His nickname may be Hoppy, but to many at Fredericka Manor, Howard Weiss is also affectionately known as the "butterfly whisperer," a well-suited moniker that describes his passion for saving the community's dwindling monarch population.
"Butterflies have always been native to Fredericka Manor," Hoppy says. "The community's lush landscape is perfect for a butterfly waystation and safe house. Just like us, they are a sign of freedom. Within the first ten seconds of flight, butterflies learn how to fly and then they are off."
Self-educated on the care of monarchs, Hoppy built the community's first waystation to support another resident's interest in conserving the monarch butterfly. Since then, the monarch butterfly has become the unofficial mascot of Fredericka Manor.
His love of butterflies began after initially requesting a community garden parcel at Fredericka Manor to grow a pumpkin. Inspired by a fellow resident gardener, Hoppy soon found himself researching and becoming more passionate about saving the dwindling monarch population and instead of growing pumpkins, he learned how to plant and maintain milkweeds for a waystation instead. Milkweed is the sole host plant for the monarch and its flowers provide valuable food for them. The waystation serves as a habitat for monarchs to rest, breed, lay eggs, and get nectar during their migration and provides a source of food for caterpillars. To address predators, Hoppy built a "safe house" covered with polyester mesh so caterpillars can safely transform into a pupa enclosed in a hardened protective case, also known as a chrysalis. When butterflies emerge from the chrysalis, they are released into the great outdoors.
"After the butterflies come out of their chrysalis I open the door of the safe house and the most spectacular thing is watching a butterfly fly for the first 15 seconds of its butterfly life," Hoppy said. "They just take off. That moment is my favorite part of this entire experience." In 2020, Hoppy estimates he has released about 100 butterflies.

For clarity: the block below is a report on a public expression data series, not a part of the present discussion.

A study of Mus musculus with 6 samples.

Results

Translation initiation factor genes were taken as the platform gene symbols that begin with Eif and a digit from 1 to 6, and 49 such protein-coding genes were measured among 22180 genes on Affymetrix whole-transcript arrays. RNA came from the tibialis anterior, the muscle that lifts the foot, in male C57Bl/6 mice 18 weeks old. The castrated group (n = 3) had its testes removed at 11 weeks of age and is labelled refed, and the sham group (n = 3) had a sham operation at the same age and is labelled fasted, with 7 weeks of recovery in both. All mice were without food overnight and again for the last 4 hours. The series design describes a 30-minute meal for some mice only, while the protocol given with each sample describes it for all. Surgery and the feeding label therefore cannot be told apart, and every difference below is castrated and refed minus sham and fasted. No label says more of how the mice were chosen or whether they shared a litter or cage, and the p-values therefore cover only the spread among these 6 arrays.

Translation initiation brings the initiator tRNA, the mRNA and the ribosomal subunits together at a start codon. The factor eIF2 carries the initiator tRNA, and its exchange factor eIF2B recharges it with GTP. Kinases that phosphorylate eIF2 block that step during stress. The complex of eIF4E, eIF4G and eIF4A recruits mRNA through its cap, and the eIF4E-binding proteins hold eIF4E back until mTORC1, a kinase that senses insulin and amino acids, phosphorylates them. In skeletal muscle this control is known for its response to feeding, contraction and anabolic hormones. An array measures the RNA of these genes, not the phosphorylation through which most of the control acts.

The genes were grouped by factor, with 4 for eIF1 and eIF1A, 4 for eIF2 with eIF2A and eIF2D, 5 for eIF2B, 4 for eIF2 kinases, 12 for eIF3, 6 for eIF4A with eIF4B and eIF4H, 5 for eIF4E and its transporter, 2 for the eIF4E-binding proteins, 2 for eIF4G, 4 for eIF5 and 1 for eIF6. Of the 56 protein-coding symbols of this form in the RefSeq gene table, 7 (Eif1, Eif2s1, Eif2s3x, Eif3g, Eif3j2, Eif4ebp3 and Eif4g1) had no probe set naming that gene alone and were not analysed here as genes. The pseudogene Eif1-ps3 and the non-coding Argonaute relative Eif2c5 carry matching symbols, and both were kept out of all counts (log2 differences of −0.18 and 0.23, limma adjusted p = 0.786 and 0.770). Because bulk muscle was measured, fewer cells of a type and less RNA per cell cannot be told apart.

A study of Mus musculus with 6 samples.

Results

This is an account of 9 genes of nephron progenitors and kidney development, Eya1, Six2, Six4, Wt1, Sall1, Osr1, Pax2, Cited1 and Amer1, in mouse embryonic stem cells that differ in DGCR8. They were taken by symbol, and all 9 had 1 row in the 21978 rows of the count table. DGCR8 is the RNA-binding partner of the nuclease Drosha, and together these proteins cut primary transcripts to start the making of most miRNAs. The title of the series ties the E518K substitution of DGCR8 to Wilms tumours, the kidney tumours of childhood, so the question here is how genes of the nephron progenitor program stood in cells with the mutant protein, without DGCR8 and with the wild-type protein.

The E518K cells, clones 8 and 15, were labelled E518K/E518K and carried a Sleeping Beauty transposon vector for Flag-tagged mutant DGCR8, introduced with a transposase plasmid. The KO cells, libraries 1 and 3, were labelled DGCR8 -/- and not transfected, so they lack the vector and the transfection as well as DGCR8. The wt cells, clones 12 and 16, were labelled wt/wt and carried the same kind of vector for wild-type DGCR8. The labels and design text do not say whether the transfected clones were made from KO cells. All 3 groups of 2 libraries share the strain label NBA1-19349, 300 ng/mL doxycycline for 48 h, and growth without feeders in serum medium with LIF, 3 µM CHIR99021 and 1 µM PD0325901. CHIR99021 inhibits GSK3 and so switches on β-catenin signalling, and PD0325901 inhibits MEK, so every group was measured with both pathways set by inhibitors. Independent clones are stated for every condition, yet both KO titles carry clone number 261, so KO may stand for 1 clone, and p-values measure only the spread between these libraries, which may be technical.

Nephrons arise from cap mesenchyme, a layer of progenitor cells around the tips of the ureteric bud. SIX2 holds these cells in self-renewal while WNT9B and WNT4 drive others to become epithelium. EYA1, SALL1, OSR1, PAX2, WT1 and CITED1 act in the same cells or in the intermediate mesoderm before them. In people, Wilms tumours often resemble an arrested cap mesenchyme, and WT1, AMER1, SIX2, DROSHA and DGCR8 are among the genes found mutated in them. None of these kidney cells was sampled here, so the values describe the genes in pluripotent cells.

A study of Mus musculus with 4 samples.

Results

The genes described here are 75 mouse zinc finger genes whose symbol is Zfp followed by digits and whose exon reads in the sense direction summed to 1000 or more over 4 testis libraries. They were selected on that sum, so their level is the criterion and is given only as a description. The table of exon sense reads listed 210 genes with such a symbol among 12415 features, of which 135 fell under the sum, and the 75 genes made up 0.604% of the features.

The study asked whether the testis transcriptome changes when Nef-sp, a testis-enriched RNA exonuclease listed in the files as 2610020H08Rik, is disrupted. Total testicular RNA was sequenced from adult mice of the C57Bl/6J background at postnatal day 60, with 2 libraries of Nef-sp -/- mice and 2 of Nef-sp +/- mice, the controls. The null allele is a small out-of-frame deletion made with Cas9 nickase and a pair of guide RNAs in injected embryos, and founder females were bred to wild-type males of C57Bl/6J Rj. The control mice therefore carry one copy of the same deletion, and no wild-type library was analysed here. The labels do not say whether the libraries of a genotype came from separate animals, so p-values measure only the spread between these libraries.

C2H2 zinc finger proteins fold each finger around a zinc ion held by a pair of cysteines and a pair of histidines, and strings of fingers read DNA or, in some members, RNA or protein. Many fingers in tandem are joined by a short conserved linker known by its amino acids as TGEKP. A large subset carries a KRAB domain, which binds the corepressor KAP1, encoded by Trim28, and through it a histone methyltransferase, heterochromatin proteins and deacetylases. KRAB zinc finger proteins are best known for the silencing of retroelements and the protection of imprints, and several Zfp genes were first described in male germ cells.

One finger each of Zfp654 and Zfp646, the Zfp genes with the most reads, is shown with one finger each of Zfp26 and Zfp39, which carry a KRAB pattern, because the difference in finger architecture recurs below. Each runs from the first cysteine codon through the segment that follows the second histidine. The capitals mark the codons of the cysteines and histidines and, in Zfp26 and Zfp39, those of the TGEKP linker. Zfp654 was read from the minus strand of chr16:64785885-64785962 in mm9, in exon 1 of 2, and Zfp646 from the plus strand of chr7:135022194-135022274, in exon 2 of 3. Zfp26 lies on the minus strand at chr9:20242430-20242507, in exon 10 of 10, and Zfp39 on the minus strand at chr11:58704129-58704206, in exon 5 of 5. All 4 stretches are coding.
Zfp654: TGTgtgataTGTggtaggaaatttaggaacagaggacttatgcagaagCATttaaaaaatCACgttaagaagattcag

After residents embraced the waystation, the monarch butterfly symbol made its way into a collaborative quilt project (coming to the Front Porch Gallery in November, 2020) featuring residents contributions from all Front Porch communities. The final quilt will showcase residents' creativity and their personal interpretation of what the monarch butterfly means to them collectively and individually. Residents received a fabric square to decorate and incorporate the butterfly theme via paint, images, embroidery, and more. Each square sewn together will form one large quilt.
Resident Linda Wright coordinated the quilt project at Fredericka Manor reaching out and encouraging residents to participate. So far, 27 residents are involved, including members of the resident-led sewing group and others interested in arts and crafts.
"The presence of the monarch is evident when you enter the community," Linda said. "There are images throughout the property and residents genuinely care about their conservation."
Butterflies are a deep and powerful representation of life. "With their unexpected beauty, the monarch gives people a feeling of liberation that they can go anywhere and do anything," added Linda. Fredericka Manor embodies the essence of the monarch by celebrating the individual and supporting passions so residents can live life their way.